In 2015, my curiosity was piqued when I saw some very fast short course meters (SCM) 1500 times entered in the USMS database early in the year. The meet listed for the times was “The Olympic Club 1500 Meter Meet.” The Olympic Club is located in downtown San Francisco in the Union Square district. First named “San Francisco Olympic Club,” it is the oldest athletic club in the United States, established on May 6, 1860. Talk about history!
Annually held on the last Saturday in January, The Olympic Club 1500 (commonly abbreviated as TOC 1500) conflicted with the Oregon Chehalem Short Course Yards Meet which has also been held on that same weekend for quite a few years. So, I had to make a decision to skip the Chehalem meet in 2016 to attend TOC 1500. I hated to miss the Chehalem meet and visiting with all of my Oregonian friends, but I certainly wasn’t disappointed in my decision! The Olympic Club pool is fast, the competition at the event is deep, and the facility is absolutely amazing.
It is very uncommon, outside of national championship events, to have nearly 100 people all swimming the 1500 freestyle. With that many people participating, the heats are extremely competitive all the way across the pool. In smaller meets that offer the 1500 freestyle, it’s common to see a spread of several minutes separating people, sometimes even in adjacent lanes. However, at TOC 1500, the entire field in the first few heats normally finishes within a few seconds of each other. This makes for a great racing atmosphere!
As most of you probably know, at any meters events your age is determined as of December 31st. So given that this meet is SCM and in January, it draws a lot of people with birthdays later in the year who are aging-up to a new age group and looking to take advantage of this rule.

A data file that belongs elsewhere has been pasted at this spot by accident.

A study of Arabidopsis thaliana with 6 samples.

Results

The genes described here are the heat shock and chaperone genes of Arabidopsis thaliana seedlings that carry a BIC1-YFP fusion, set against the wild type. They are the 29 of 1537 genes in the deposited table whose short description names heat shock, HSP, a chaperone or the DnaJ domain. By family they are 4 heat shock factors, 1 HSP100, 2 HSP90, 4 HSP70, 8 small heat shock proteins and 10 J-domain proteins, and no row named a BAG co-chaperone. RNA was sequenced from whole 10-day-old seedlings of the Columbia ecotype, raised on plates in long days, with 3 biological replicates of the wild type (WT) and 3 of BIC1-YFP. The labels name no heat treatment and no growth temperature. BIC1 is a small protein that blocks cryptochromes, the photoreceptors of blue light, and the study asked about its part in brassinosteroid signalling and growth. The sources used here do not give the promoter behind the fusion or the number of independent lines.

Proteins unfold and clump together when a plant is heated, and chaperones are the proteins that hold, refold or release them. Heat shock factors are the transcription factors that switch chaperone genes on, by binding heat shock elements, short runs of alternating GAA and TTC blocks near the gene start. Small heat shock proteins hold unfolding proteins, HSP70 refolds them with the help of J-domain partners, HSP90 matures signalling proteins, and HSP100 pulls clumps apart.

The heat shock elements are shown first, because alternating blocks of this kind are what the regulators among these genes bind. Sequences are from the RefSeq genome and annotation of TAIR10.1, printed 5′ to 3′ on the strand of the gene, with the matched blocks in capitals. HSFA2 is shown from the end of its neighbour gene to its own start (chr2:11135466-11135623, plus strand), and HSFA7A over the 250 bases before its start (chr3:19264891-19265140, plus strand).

The most notable swim in the 2016 Meet was Laura Val’s multiple world-record setting effort. Laura’s birthday is late in the year, so her true age was 64 at the time of the swim, but she was competing in the 65-69 age group. Laura put in split requests for the 200, 400 and 800 and successfully swam her way to 4 world records: 200m (2:25.41), 400m (5:06.74), 800m (10:34.67), and the 1500m finish (20:21.61)!
After attending in 2016, I knew I wanted to come back in 2017. As it turned out, this year the Chehalem meet was a no-go due to a massive renovation project on the pool, so I decided to try to recruit some Oregon friends to come down to TOC 1500 instead.
My recruiting was successful, and this year there were four Oregon Masters Swimmers entered in the event: Barry Fasbender, David Hathaway, Scot Sullivan and myself (Matt Miller). Barry and his wife Alice are new to Oregon, moving to Medford this winter, but are not at all new to Masters Swimming. Barry was very active in the Pacific Masters LMSC for many years and has volunteered at the national level for a number of years. Notable work and achievements of Barry’s include directing the FINA Masters World Championships at Stanford in 2006, and earning the high honor of the Capt. Ransom J. Arthur Award in 2008. We’re happy to have Barry here in Oregon and I’m especially happy because Barry and I share the same pool in the mornings at Superior Athletic Club in Medford. Welcome to Oregon, Barry and Alice!
Barry, David, Scot and I got to witness two new 1500 SCM world record swims: Heidi George, women 40-44, at 16:59.56; and Bruce Thomas, men 60-64, at 18:07.65. We all had very good swims ourselves and thoroughly enjoyed cooling down and playing in the practice pool and hot tub after our swims. We also walked around the breathtaking facility to take it all in. It’s truly an amazing place with a long and rich history. The $25 entry fee for the event is a deal just to get into the building to see the place!
If you’re interested in swimming TOC 1500 in 2018, be sure to register early because the event normally fills quickly. Registration normally opens in mid-to-late November and a link to registration will appear on the Pacific Masters Event Schedule: http://www.pacific-masters.org/pacm/schedule
I’m hoping to see more Oregonians attend this meet in the future. It really is an event every distance swimmer should have on their bucket list.